Archive for July, 2010|Monthly archive page
The gift of a song at the “right” time
Sometimes your first experience of a song can come at such a ripe, “right” time, it feels as if it were written expressly for you. The words seem to speak directly to you, and the state or space you’re currently in. Today that happened to me at church (www.uusf.org), thanks to the following hymn.
The entire song was beautifully relevant to me…but the third verse, in particular shot straight through to my heart. I am so thankful I attended the service. You just never know when a gift like this, including the entire rest of the beautiful and cohesive liturgy (crafted and led by recently ordained Denis Letourneau Paul and Lindasusan Ulrich), is going to come along. This inspiration is what drew me to become a member of the community a few years ago, and what keeps me going back.
After the service, I speedily went into the church office with hymnal in hand and asked them if I could make an (illegal) copy of it! Thankfully, the very helpful office asst. made me not one, but three copies. It’s not a text I would want to have lost track of! I hope you find it meaningful too.
“Just as Long as I Have Breath”
Words by Alicia S. Carpenter (1930- )
Music by Johann G. Ebeling (1637-1676)
Just as long as I have breath, I must answer, “Yes,” to life;
though with pain I made my way, still with hope I meet each day.
If they ask what I did well, tell them I said, “Yes,” to life.
Just as long as vision lasts, I must answer, “Yes,” to truth;
in my dream and in my dark, always: that elusive spark.
If they ask what I did well, tell them I said, “Yes,” to truth.
Just as long as my heart beats, I must answer, “Yes,” to love;
disappointment pierced me through, still I kept on loving you.
If they ask what I did best, tell them I said, “Yes,” to love.
Words: © 1981 Alicia S. Carpenter
Brace yourself for this historic and tragic first-ever NorCal gathering of parterre.com fans and followers! La Cieca has sanctioned it with an amusing post. We hope you can join us…I know I’m just itchin’ to get on with it. Opera fanciers, queens and lovers are encouraged and welcome too.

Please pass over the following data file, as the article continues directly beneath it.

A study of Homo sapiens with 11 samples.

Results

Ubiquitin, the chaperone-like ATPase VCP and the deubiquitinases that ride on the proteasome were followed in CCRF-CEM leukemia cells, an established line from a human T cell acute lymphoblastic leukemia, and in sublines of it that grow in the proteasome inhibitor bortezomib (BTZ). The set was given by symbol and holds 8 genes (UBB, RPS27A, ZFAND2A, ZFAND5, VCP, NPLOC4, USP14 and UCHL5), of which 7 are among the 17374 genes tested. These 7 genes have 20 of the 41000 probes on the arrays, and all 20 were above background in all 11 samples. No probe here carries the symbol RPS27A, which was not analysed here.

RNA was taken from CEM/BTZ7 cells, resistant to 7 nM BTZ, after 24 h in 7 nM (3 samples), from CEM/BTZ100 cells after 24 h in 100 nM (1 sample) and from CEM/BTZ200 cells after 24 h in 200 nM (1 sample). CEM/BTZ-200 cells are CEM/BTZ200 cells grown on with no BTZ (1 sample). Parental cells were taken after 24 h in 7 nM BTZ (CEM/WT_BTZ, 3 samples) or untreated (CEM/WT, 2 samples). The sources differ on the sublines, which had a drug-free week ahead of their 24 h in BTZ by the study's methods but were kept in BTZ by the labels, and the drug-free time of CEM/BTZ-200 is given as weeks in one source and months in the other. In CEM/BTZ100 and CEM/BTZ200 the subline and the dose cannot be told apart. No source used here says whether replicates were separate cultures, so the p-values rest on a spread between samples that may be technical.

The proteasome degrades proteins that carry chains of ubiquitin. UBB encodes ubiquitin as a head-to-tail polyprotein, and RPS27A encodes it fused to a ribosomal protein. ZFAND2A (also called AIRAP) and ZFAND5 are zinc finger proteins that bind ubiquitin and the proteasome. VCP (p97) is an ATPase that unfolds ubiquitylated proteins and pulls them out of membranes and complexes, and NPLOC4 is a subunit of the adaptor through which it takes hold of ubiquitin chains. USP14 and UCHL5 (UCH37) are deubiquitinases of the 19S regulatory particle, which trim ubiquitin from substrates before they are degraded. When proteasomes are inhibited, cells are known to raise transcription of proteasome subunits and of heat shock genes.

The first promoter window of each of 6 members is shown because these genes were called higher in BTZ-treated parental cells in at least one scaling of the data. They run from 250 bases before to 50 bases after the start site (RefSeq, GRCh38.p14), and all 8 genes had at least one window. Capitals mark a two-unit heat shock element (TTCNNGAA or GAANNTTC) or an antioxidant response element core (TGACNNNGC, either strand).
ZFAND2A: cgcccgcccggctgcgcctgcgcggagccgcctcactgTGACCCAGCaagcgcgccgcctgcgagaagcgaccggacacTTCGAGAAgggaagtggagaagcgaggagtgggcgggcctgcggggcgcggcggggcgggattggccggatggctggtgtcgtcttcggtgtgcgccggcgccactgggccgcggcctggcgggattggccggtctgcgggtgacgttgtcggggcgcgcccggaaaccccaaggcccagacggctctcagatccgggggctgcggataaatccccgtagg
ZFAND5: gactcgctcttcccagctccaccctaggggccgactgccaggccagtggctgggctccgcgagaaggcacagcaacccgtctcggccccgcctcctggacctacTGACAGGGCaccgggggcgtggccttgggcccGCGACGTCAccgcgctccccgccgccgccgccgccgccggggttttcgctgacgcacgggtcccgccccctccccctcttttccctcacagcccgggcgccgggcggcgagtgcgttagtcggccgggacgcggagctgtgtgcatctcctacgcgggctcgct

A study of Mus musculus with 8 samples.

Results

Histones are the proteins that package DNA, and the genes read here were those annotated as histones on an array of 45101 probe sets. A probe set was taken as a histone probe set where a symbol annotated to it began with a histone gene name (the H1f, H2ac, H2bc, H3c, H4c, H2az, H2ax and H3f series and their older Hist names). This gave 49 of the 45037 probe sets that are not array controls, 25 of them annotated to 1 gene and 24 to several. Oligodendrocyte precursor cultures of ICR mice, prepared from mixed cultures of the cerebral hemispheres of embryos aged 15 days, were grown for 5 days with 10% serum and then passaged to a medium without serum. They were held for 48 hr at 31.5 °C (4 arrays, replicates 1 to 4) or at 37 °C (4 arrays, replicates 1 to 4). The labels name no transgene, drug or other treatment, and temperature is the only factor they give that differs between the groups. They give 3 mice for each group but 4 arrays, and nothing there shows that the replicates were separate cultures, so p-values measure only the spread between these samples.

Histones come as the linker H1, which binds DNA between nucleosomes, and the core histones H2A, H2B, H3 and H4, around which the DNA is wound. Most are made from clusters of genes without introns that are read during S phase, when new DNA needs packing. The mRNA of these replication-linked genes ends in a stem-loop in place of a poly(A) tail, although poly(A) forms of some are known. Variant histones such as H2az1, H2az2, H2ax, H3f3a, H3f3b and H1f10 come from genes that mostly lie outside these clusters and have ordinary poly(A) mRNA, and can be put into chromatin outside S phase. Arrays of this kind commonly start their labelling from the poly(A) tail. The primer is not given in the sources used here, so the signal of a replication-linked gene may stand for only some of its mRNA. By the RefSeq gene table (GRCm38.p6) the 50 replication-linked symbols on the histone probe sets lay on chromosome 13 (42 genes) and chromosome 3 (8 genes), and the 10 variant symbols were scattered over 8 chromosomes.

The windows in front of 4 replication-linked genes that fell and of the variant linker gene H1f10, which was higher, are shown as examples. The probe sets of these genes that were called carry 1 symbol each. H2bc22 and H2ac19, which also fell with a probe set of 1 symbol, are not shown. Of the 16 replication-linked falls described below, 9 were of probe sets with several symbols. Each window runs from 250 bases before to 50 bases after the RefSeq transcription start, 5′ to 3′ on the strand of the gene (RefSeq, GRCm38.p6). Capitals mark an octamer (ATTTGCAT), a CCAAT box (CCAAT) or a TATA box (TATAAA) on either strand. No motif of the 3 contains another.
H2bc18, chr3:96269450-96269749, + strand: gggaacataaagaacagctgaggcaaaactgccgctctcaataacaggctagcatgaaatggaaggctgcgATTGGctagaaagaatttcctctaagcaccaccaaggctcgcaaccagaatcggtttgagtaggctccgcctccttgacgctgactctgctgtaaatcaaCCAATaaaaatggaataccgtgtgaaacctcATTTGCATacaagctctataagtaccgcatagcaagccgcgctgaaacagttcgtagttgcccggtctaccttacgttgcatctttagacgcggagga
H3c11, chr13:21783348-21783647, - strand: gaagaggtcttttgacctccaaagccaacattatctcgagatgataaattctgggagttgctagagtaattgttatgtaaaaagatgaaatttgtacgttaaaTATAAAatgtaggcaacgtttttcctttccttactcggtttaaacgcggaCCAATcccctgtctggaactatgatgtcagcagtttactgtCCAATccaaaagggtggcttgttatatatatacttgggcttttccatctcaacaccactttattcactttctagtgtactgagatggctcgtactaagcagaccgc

A SF/Bay Area parterre.com Soirée…dare I say: Demented Mini-Conference? Perhaps our fair Queen Mum herself, La Cieca will descend upon our happy occasion and lead us in some gaiety. Although, Nilsson, Tebaldi and Rysanek’s attendance is more likely.
Chinese Pagoda (pictured below), on Stow Lake, Golden Gate Park, San Francisco
Location details: eastern tip of Stow Lake island, just south of Stow Lake waterfall, just southwest of the red star on this map.
We can mosey over to the Verdi Statue, towards the end for “Va Pensiero” and a knelt adoration. And, I’ll be sure to pass by the Beethoven Statue too on the walk home to make sure he doesn’t feel left out.
12 noon – 3pm, Saturday, July 31st
(If too foggy, wet or cold, our back-up date is: Saturday, August 28th.)
What to bring?
Please bring something to share, by last name, as below. (If you object or have a terribly pinched wallet, you are still welcome to come, but please let me know.) Opera-or-Chinoiserie-related themes encouraged, but random, store-bought lameness fine too:
A – F: savory dish, finger food, or substantial snack
G – M: salad
N – S: beverages…chinese tea anyone?
T – Z: dessert
All (good/festive/opera-related ideas) welcome! I plan to shoot a Wenarto-inspired video shoot, involving those who are interested. If you have any operatic accessories (particularly Chinese), please bring/wear them to spice up our video.
My iPod will be chock full of apropos selections, but feel free to bring yours as well, if you’re compelled. Again, orientalism encouraged (given our setting).
If we find a bevy of pigeons or a rival encampment has already inhabited the pagoda, we’ll be forced to shift our location, so it’s best if you RSVP beforehand, so I can give you my cell phone number, in case we should need to move.
The challenge? To post a youtube video that serves as a sterling example of the art of bel canto, including narrative explaining why. Enjoy it here:
It includes offerings by Orgonasova (‘94), Baltsa & Gruberova (‘84), Pavarotti (‘68), Steber (‘58), Gigli (‘33), and Barrientos (‘18, pictured above). I will always jump to the defense of my favored, and less touted bel cantists!
Many submissions honored the greats: Muzio, Callas, Kraus, Sutherland, Horne, Caballé, Sills, and so on. However, this offering, by Shirley Verrett, although not a winner or runner-up was the most exciting new find for me:
Now, please share your bel canto favorites!